Newcomers say it quickly becomes obvious the team does things differently and why that leads to success, such as four straight playoff berths.
Rays players and staff celebrate after clinching an American League wild-card berth with a 7-3 victory over the Astros Sept. 30 in Houston.
Rays players and staff celebrate after clinching an American League wild-card berth with a 7-3 victory over the Astros Sept. 30 in Houston. [ DAVID J. PHILLIP | AP ]
Published Oct. 6|Updated Oct. 7

CLEVELAND — Catcher Christian Bethancourt didn’t need long after his trade from Oakland in early July to get a sense of why the Rays have been so successful, making the playoffs for a fourth straight season.

“It’s different,” he said. “It’s definitely a different culture here.”

New teammates welcomed him, regardless of his limited past success. Staff made sure he had whatever he needed. Coaches conveyed information in simple form, stressing positives and boosting confidence.

And he quickly came to understand manager Kevin Cash’s main mantra: to make players feel comfortable so they can perform better and the team can win more.

“Like, two days after I got here I was feeling like I’d been here all year just because of how they were treating me,” Bethancourt said during Thursday’s Wild Card Series workout.

“They’re like, ‘Hey, we only worry about what you do on the field. Don’t worry about anything else. Like, you don’t want to hit batting practice? That’s totally fine. As long as you do what we ask for in the field and you take care of what you’re supposed to be taking care of, we’ll be fine.”

Bethancourt has been around enough, playing in seven other organizations and one year in Korea, to know how different this was.

Some teams are obsessed with details such as dress codes, matching workout gear and other rigid rules. They are focused on what players do wrong and need to correct. And they operate in an atmosphere that creates pressure from the top.

“From what I’ve seen, it comes from the front office, Cash, the coaching staff, and it’s transmitted to the players that we should not be worried about anything but what we do on the field,” Bethancourt said. “That’s something that makes us, as a team and personally as a player, feel a little more comfortable.”

Outfielder Randy Arozarena (56) celebrates with fans at Tropicana Field after the Rays clinched the 2021 American League East championship.
Outfielder Randy Arozarena (56) celebrates with fans at Tropicana Field after the Rays clinched the 2021 American League East championship. [ IVY CEBALLO | Times ]

Veteran outfielder David Peralta arrived from Arizona at the end of July and was similarly struck by how different and how much of a group effort the Rays’ success was.

“It’s everything,” Peralta said. “It’s all about teamwork. It’s not just one person. It’s everyone to do their job. And that’s why we’re here in the postseason. … We’re a big family. And I love that. We eat together, we hang out together. And that makes a difference.”


Their first wave of success under Stuart Sternberg’s ownership — reaching the postseason four times in six years, including a shocking run to the 2008 World Series — seemed over when top baseball executive Andrew Friedman and manager Joe Maddon left after the 2014 season.

With team president Matt Silverman initially running baseball operations before ceding control to rising executive Erik Neander, the Rays hired Cash, who had never managed anywhere, and plotted a return to glory.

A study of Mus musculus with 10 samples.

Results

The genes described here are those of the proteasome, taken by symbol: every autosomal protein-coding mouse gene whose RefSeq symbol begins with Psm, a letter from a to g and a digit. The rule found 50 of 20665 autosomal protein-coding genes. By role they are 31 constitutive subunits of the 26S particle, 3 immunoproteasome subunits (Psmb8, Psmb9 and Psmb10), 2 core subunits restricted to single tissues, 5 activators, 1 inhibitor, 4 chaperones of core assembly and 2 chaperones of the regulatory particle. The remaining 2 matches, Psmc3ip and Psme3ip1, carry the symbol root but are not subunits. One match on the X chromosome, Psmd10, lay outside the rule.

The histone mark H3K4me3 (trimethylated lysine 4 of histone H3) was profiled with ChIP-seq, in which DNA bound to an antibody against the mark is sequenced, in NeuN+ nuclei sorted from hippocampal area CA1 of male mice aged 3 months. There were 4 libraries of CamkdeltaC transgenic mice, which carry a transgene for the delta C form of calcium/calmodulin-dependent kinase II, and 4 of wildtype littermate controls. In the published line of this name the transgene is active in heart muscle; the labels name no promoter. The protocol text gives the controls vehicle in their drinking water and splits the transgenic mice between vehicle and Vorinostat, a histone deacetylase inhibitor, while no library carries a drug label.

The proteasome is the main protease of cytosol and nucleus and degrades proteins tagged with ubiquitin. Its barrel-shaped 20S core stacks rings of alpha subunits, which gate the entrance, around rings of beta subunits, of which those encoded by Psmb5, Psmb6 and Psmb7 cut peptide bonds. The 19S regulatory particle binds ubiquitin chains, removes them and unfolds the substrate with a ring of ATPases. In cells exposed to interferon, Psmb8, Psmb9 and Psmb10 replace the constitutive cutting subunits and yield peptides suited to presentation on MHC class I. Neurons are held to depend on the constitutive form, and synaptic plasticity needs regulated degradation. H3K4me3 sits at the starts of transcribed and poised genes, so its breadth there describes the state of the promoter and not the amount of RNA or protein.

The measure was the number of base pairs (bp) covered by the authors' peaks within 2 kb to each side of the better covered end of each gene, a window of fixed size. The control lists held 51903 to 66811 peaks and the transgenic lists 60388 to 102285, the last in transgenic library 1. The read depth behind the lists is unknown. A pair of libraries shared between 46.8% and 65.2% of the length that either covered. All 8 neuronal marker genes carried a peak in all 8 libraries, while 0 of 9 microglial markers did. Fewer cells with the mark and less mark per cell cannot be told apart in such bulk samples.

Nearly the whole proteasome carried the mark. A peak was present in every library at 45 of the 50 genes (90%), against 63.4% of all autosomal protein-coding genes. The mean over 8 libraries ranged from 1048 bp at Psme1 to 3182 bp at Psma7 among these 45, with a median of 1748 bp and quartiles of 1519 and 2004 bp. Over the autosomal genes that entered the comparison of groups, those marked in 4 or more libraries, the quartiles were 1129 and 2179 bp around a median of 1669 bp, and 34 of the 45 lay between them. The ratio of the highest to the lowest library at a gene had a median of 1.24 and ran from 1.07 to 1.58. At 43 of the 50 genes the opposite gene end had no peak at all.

“It’s one thing to talk and hope about it, but there were some trying years,” Cash said “It’s not easy to do.”

The Rays finished under .500 three straight years before making a run at a playoff spot, albeit unsuccessful, in 2018. They won a wild-card spot in 2019 and have been postseason regulars since.

“No time frames, and a lot of ignorance,” Neander said. “You’ve got to be naive enough to believe you can do this and just get to work. It’s a lot of really good people just chipping away. Took our lumps for a few years, really trying to build this and build it right and rebuild it up. And I think we’ve done that. Certainly, that’s been the case the last four years.”

Obviously, there’s more to it than allowing players to wear jeans and T-shirts on team flights, skip batting practice and listen to music or play video games in the clubhouse.

Rays players celebrate after defeating the Baltimore Orioles in the second game of a doubleheader in Baltimore to clinch a playoff spot in 2020.
Rays players celebrate after defeating the Baltimore Orioles in the second game of a doubleheader in Baltimore to clinch a playoff spot in 2020. [ JULIO CORTEZ | AP ]

The Rays, especially on the pitching side, do an extraordinary job assimilating complex analytical data and presenting it in simple, applicable — and personalized — ways to convince players it will help.

They do remarkable work finding undervalued players to supplement the talented core they assemble and spend their limited money wisely. They bring in good people who share their team-first values. They stress communication and transparency in all directions.

New-this-year reliever Jason Adam said the openness, simplicity of messaging and selflessness of the group stand out to him. Reliever Shawn Armstrong, a 2021 Ray who returned this year, is wowed by how “everybody’s got each other’s back” on and off the field. He noted that they share a common goal of simply winning, referencing the upbeat flight from Boston Wednesday as an example of being able to shake off their five-game losing streak for the clean slate of the playoffs.

“This is a very good environment to play a stressful game with a lot of anxiety,” said pitcher Jalen Beeks, a relative veteran given his July 2018 arrival from Boston.

“I think the main thing is how comfortable it is for young guys to come up and play. And older guys at the end of their years, they love it here. It’s just environment and comfortability.”